Assembly Speaker Carl Heastie and Chair of the Committee on Corporations, Authorities and Commissions James Brennan today announced legislation that would enact the Port Authority of New York and New Jersey Transparency and Accountability Act of 2015 (A8298, Brennan).
"Thousands of people use the Port Authority's services every day. Because of this, reforms need to be made to ensure resources are being properly managed and the needs of New York and New Jersey residents are being met. This bill would implement stronger accountability and transparency measures for the Port Authority and the people who run it," said Speaker Heastie. "New Yorkers want transparency, they want to know where the Port Authority's multi-billion dollar budget is being spent. This bill is a step toward that."
"This bill is a major victory for residents of New York and New Jersey who depend on the Port Authority everyday as they go to work and visit their families, and will help the Port Authority operate and invest in an accountable and transparent manner," said Assemblymember Brennan. "The reform measures included in the bill are a major step towards making sure that the Port Authority lives up to a high standard and evolves the authority to better handle the challenges of tomorrow."
In August 2011, Governors Cuomo and Christie required the Port Authority to undergo a comprehensive audit of its finances and operations which asserted the Port Authority was a "dysfunctional organization suffering from a lack of consistent leadership." In 2012, the Assembly began its effort to achieve meaningful reform at the Port Authority by passing the first comprehensive reform bill of the Port Authority. Then in 2013, the scandal around the closing of the traffic lanes on the George Washington Bridge solidified the need for comprehensive reform at the Port Authority. In 2014, Cuomo and Christie created the bi-state Special Panel on the Future of the Port Authority to further review and make recommendations on the future role and functionality of the Port Authority. Despite efforts from the Legislatures of New York and New Jersey to see a comprehensive reform bill which applied the Public Authorities Accountability Act of 2005 and the Public Authorities Reform Act of 2009 to the Port Authority signed into law, the Governors of New York and New Jersey vetoed that bill at the end of 2014.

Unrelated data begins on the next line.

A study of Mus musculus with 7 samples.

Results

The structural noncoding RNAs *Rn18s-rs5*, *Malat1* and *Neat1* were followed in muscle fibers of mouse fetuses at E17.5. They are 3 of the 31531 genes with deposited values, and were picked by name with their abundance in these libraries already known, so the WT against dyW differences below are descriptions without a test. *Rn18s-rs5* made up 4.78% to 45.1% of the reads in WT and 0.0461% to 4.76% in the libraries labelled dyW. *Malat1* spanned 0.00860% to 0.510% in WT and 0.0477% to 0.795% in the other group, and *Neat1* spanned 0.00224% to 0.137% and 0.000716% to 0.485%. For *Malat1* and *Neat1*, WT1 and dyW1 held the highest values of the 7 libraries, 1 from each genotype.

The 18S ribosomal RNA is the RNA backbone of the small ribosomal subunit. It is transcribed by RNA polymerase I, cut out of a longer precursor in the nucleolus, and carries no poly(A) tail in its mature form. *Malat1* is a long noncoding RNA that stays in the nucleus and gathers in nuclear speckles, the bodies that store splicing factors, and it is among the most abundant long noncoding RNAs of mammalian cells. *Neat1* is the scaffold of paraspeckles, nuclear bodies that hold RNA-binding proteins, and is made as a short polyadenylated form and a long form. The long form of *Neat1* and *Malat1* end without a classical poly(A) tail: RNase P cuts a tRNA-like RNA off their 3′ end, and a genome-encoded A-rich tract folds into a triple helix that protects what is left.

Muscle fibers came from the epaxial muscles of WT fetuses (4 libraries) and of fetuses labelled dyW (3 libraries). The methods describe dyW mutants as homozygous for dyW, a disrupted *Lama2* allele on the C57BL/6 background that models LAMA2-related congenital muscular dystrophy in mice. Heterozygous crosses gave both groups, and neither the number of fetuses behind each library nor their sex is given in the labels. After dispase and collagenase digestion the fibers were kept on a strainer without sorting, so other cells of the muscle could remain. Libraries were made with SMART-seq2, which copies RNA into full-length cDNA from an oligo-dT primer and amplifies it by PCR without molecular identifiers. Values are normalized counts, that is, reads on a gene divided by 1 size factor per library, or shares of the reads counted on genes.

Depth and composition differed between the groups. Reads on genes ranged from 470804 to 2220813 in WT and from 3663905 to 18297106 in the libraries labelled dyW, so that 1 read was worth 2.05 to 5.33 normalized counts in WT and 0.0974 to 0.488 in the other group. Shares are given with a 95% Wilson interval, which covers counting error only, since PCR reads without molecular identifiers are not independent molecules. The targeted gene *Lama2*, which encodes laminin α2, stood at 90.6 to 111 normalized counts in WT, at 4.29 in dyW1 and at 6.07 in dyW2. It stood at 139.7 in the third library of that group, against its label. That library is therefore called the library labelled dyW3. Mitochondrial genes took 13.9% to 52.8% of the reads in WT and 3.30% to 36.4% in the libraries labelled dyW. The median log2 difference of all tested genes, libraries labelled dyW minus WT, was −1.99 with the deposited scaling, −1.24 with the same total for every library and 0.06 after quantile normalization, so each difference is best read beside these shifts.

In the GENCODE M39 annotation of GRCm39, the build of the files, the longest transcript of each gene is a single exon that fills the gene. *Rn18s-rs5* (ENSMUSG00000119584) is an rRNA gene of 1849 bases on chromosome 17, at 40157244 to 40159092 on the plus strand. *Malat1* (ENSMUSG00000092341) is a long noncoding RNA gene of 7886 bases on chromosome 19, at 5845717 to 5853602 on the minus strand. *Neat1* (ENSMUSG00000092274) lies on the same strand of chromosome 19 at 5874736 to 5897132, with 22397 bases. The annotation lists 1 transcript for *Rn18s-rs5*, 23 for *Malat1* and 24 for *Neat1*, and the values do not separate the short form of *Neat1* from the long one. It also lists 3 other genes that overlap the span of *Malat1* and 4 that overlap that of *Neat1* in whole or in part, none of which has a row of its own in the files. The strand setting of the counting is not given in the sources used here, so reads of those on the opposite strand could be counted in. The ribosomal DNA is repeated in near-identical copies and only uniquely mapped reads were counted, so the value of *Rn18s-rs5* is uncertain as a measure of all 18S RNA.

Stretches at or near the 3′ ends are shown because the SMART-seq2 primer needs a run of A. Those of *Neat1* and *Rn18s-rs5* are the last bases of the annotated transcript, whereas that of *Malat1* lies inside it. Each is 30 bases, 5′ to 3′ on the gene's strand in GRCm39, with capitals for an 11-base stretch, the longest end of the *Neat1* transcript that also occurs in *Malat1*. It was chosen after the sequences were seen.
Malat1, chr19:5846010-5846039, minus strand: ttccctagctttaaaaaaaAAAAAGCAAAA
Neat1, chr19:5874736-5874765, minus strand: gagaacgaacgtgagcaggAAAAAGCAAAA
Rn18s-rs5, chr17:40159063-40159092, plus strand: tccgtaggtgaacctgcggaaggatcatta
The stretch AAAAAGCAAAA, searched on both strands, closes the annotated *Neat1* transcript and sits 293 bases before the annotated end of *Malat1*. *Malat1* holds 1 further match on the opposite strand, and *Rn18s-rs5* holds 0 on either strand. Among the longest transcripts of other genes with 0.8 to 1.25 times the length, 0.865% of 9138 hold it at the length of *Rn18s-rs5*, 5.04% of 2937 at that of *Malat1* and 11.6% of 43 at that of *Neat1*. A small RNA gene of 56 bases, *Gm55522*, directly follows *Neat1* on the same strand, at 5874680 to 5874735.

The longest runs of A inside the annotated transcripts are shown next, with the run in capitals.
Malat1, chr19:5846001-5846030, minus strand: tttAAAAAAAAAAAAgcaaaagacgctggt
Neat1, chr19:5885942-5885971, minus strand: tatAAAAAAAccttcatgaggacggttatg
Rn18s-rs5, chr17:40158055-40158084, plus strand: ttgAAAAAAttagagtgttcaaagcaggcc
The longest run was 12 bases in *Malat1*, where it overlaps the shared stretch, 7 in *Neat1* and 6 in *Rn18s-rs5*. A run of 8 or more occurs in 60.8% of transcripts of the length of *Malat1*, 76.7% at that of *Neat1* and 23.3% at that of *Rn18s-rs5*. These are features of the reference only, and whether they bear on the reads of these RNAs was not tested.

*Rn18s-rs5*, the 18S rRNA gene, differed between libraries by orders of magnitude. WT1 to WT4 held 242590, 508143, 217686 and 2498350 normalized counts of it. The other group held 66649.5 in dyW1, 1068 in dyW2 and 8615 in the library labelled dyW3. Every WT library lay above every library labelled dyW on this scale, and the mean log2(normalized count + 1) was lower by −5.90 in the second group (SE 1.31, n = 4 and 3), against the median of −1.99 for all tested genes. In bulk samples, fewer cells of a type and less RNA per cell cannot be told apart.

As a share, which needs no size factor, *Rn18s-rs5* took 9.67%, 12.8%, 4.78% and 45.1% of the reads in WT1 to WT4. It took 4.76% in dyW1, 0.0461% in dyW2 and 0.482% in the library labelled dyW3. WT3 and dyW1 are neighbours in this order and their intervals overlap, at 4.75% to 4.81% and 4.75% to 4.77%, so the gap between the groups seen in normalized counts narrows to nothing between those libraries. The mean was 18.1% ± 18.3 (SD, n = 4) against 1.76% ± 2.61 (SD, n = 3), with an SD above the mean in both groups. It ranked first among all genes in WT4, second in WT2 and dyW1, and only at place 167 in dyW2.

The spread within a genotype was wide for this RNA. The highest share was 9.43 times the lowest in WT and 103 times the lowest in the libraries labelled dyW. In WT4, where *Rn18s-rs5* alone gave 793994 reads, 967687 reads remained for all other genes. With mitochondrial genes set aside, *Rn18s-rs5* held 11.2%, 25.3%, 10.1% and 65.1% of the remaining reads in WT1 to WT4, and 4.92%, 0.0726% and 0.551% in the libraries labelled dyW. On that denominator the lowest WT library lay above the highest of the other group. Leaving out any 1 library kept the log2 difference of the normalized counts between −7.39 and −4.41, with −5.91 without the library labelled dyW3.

However, with the numerous public scandals at the Port Authority, it is apparent that further action needs to be taken. Today's legislation codifies previous reforms into law and further addresses recommendations by the Special Panel.
Under this legislation, a Chief Executive Officer would be appointed to replace the separate management that was provided by the Executive Director and Deputy Executive Director. Board Chairperson and Vice Chairperson positions would rotate for a term of two years between the states, starting with Governor Cuomo appointing a Chairperson and Governor Christie appointing a Vice Chairperson. Commissioners would be required to sign a statement declaring their fiduciary obligation to exercise independent judgment and act in the best interest of the Port Authority, its mission, and the public. The bill would also prohibit a Commissioner from serving as the Port Authority's Chief Executive Officer or as any other officer while serving as a Commissioner.
Other provisions included in the act would:
Additionally, the Port Authority would be required to conduct a needs assessment and public hearings before raising tolls and fares. Enhanced annual reports, financial audits, and publication of capital plan and advance debt issuance reports would likewise be required.
These measures would take effect upon the enactment of identical legislation by the state of New Jersey.